Sunday 18 February 2024

If Enough Voices Are Raised

This week, the brave and indomitable Stella Assange will have to watch once again as her husband Julian faces the strong possibility of being sent in chains to some American dungeon, where he will be buried alive for the rest of his days. Julian is already (indefensibly) locked up on remand in Britain’s most ferocious prison, Belmarsh. What did he do? He did what reporters do. He received and partially published documents which gravely embarrassed the USA.

In the words of my colleague Andrew Neil, who, like me, opposes Mr Assange’s extradition, the material revealed ‘war crimes covered up. Torture. Brutality. The rendition and incarceration of suspects without due process. The corruption of inquiries trying to hold it to account. The bribery of foreign officials to look the other way when America did bad things.’

It is simply not true, as is often claimed, that Mr Assange endangered the lives of Americans in the service of their country. He took careful steps to avoid this and no evidence has ever been produced of any such thing.

The High Court in London will consider, on Tuesday and Wednesday, his final appeal against the decision to extradite him to the USA on political charges of ‘espionage’. The UK Government’s determination to hand him over to the USA runs right against the extradition treaty we have with Washington. This explicitly bans any extraditions on political grounds.

I believe this cruel injustice can be stopped if enough voices are raised against it. If Julian Assange is jailed in the USA, free journalism will be dealt a mortal blow. I appeal most especially to some of our nation’s clearest and most thoughtful media voices, Charles Moore, Danny Finkelstein, Matthew Parris and Janice Turner, to speak out now while there is still time.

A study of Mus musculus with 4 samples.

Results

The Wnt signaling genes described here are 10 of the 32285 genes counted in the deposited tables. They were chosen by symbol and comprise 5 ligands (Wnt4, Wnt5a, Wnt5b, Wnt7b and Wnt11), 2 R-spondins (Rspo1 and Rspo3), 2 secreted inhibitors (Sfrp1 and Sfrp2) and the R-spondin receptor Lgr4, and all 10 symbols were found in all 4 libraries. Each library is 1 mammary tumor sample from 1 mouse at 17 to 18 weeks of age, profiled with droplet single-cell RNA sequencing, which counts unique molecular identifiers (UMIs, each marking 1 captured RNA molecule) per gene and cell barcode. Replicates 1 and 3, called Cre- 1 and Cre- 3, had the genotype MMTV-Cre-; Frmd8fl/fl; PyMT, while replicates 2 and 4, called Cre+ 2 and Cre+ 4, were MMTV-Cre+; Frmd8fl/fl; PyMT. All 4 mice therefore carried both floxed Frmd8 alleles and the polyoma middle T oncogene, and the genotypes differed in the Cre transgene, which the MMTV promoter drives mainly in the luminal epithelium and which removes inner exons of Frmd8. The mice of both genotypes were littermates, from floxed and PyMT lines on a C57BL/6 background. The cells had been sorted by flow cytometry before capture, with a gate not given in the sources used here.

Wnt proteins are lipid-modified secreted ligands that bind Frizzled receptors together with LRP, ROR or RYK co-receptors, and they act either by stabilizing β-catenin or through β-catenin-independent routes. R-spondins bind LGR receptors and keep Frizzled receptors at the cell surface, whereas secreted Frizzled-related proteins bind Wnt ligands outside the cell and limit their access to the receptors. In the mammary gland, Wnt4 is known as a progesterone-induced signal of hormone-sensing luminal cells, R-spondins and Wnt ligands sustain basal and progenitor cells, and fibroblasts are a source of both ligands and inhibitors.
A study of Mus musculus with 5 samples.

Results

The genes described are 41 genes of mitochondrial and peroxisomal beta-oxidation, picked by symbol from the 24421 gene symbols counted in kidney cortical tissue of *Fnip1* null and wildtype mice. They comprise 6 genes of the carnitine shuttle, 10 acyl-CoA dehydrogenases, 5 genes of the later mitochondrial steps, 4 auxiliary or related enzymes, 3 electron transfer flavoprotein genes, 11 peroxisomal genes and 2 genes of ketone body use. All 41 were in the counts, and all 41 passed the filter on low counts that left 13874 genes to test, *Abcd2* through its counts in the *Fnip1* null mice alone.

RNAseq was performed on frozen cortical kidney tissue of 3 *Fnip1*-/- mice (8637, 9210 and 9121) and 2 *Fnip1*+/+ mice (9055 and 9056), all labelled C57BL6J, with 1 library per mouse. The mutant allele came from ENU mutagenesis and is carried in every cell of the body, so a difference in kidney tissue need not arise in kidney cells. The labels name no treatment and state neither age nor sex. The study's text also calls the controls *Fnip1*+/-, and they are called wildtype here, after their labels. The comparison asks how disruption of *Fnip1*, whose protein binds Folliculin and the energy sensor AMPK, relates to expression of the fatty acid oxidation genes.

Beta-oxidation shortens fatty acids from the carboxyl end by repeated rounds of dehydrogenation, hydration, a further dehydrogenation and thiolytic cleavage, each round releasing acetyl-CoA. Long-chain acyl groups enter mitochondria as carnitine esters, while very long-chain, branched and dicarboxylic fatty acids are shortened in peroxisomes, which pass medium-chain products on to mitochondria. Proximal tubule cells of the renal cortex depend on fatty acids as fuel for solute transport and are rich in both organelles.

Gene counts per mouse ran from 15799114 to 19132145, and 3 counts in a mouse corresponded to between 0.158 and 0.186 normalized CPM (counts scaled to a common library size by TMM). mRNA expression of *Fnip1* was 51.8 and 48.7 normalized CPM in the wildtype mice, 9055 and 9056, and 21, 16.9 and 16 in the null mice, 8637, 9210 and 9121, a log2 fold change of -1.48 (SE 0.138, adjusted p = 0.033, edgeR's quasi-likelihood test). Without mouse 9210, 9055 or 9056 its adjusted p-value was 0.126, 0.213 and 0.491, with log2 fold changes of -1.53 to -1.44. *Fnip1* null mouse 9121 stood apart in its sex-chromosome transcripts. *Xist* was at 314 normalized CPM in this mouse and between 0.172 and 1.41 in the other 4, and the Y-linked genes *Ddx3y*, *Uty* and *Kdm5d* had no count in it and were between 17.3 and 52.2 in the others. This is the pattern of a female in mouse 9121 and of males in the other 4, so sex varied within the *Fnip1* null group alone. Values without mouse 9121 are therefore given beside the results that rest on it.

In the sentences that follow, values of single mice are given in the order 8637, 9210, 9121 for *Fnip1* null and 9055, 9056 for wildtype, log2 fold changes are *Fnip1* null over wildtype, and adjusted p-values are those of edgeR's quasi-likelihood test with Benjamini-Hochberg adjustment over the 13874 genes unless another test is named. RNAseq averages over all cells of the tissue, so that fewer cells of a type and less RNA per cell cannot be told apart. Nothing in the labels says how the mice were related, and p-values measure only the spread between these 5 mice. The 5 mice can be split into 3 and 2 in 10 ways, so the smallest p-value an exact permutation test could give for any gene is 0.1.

The best, most reliable and most comfortable express trains ever built in this country, the InterCity 125s, are apparently being exported to Mexico. I cannot get confirmation (or denial) of this from the Transport Department, from the company allegedly involved or their PR firm, hence the word ‘apparently’. But specialist railway journals suggest the operation is well under way, with some of the trains seen being loaded aboard a freighter at Great Yarmouth. The Mexican government announced last November that it was planning to reopen 5,000 miles of passenger services, foolishly shut down some years ago.

I don’t blame them for wanting the high-speed trains, a fine British product beautifully renovated and maintained over nearly 50 years. They were still operating here until quite recently (I last saw one in Taunton in July).

But for me the real problem is that their hugely expensive electric replacements, on which I travel most days, have not been a success. Many are out of service, causing overcrowding and cancellations for long months.

On Thursday, the carriage in which I was riding began to shake alarmingly, with an accompaniment of loud bangs, when it hit one of the increasingly frequent patches of bumpy track. I have had smoother rides on the Mandalay to Rangoon Express, and cannot remember anything so bad on any British train. On my own line, several services have recently been downgraded to 1990s diesel railbuses instead of sleek Japanese bullet trains – though in fact the ancient British Rail workhorses have more comfortable seats and are not much slower in practice.

So often, this country gets rid of valuable technology of its own, such as the Harrier jet, then saddles itself with more expensive and less effective foreign substitutes.


  1. A pity about most of his column today. We all like a greatest hit from time to time but come on.

    1. He has been playing that one for a very long time.